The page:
Why it feels like our cost of living is rising

The Consumer Price Index (CPI) recorded no movement in the March quarter, and rose just rose 1.3 per cent in the 12 months to the March quarter 2019. So why do so many Australians feel like life is getting dearer? Research by my former colleagues at Fidelity Investments might give the answer.

Below is a chart produced by Fidelity that shows changes to the price of “needs” and “wants” since 2000:

Screen Shot 2019-07-23 at 12.49.55 pm

The chart breaks down the different components of CPI. As we can see, and should expect due to technological change etc., there is a wide discrepancy between the development of the cost over time of different goods and services.

What is quite striking though is that basically all of the categories that have experienced higher than average cost increases are of a more basic or “needs” nature, compared to the more discretionary “wants,” which have experienced much lower cost increases and even deflation over time.

Looking at the categories in the chart, I would classify secondary education, medical & hospital services, preschool and primary education, insurance, child care, housing, food and clothing and footwear as “needs” and furniture & furnishings, motor vehicles, games & toys and audio visual & computing equipment as “wants” (this will of course be different for  people as some people have special needs depending on their circumstances but, on average, I think it is a pretty accurate classification).

Out of the “needs,” only clothing and footwear has seen price development under CPI and in addition, the only other category that has seen increases under wage increases is food & non-alcoholic beverages.

This is the main reason that people in general feel that the official CPI figure does understate their lived experience. You tend to notice the cost increases on more basic “needs” much more than the price deflation on your more discretionary “wants.”

What implications does this have?

My view is that this trend is unlikely to change as discretionary “wants” will most likely to continue to see price deflation caused by technological innovation driving down production costs while the “needs” are not likely to benefit to the same extent from technological innovation as they are, by their nature, more basic and people related.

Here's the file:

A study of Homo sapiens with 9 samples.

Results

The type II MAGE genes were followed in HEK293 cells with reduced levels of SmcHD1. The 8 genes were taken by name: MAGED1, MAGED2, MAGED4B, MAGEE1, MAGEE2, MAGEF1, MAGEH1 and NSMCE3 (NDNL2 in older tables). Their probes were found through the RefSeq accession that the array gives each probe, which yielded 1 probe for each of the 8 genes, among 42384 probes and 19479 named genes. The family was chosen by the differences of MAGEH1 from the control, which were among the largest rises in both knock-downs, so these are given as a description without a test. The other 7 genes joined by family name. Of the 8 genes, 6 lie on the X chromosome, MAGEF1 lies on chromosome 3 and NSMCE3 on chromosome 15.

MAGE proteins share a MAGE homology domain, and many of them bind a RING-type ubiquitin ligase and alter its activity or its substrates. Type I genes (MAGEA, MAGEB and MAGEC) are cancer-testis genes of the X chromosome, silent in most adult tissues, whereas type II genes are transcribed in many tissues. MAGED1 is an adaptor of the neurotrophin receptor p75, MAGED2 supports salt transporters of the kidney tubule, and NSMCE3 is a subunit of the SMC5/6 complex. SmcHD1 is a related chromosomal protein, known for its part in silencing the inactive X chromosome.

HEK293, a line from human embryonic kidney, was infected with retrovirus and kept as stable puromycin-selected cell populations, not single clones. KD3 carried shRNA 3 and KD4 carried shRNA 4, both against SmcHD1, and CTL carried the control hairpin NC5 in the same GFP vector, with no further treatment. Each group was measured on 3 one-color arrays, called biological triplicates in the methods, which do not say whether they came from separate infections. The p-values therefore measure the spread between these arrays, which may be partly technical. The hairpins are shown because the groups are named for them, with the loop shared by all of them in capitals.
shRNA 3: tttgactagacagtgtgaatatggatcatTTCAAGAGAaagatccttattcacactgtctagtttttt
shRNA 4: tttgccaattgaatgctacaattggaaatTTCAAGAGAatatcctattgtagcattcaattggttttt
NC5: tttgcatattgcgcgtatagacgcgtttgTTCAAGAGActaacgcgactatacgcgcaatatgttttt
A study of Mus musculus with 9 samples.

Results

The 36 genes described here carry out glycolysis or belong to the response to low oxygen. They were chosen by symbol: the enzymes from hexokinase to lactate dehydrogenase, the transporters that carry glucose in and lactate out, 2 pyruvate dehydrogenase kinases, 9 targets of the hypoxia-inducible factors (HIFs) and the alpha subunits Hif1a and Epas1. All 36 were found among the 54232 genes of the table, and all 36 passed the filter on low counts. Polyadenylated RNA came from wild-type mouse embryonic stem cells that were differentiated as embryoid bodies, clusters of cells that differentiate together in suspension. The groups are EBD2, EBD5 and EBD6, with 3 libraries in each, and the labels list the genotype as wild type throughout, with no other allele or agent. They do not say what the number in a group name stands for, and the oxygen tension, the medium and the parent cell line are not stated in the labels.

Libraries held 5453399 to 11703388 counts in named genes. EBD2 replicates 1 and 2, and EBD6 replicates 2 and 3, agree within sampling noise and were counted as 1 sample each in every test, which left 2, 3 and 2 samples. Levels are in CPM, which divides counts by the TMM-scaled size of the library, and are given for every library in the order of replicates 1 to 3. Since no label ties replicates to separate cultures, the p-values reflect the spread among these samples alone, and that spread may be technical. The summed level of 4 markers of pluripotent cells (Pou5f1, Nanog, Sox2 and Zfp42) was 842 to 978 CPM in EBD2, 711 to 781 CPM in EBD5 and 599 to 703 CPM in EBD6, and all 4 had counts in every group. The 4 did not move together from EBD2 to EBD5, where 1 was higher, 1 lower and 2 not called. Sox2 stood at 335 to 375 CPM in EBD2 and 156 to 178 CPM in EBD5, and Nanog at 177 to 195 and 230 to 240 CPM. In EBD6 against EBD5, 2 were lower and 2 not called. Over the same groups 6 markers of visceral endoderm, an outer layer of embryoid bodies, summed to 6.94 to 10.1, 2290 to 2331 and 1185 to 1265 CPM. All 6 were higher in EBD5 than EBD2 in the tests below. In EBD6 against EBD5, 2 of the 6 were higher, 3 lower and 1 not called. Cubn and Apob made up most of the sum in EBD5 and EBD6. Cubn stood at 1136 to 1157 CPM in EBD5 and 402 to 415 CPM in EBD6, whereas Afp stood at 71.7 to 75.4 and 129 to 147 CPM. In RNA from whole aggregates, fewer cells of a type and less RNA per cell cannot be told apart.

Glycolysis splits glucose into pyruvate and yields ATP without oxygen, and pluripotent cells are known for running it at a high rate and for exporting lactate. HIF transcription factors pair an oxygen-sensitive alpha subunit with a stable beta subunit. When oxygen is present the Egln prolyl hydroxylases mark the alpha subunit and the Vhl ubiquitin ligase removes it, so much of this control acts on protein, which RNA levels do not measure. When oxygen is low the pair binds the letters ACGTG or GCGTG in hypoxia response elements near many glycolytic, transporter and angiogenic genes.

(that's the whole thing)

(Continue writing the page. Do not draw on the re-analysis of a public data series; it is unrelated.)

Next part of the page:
With the RBA cutting interest rates to try to boost the economy and stimulate inflation, people who are living on the income from their savings rather from wage income will be further squeezed as their income will decrease while their “needs” costs are likely to go up.

This will mean that they will either need to move up the risk scale seeking higher returns (for another blog post on this theme, please see David’s recent post) or accept that they will have to consume capital at a higher pace to fund their cost of living with the increased risk of running out of savings. People may also shift some items from their ‘needs’ column to ‘wants’, for example private schooling.

I have previously written about the outlook for discretionary spending and what is happening with inflation.

This post was contributed by a representative of Montgomery Investment Management Pty Limited (AFSL No. 354564). The principal purpose of this post is to provide factual information and not provide financial product advice. Additionally, the information provided is not intended to provide any recommendation or opinion about any financial product. Any commentary and statements of opinion however may contain general advice only that is prepared without taking into account your personal objectives, financial circumstances or needs. Because of this, before acting on any of the information provided, you should always consider its appropriateness in light of your personal objectives, financial circumstances and needs and should consider seeking independent advice from a financial advisor if necessary before making any decisions. This post specifically excludes personal advice.



    I wonder if there is any evidence that shows that decreasing interest rates in a very low (or negative) interest rate environment increases inflation, and/or decreases unemployment (or underemployment). If so what is the ‘time scale’ for such changes.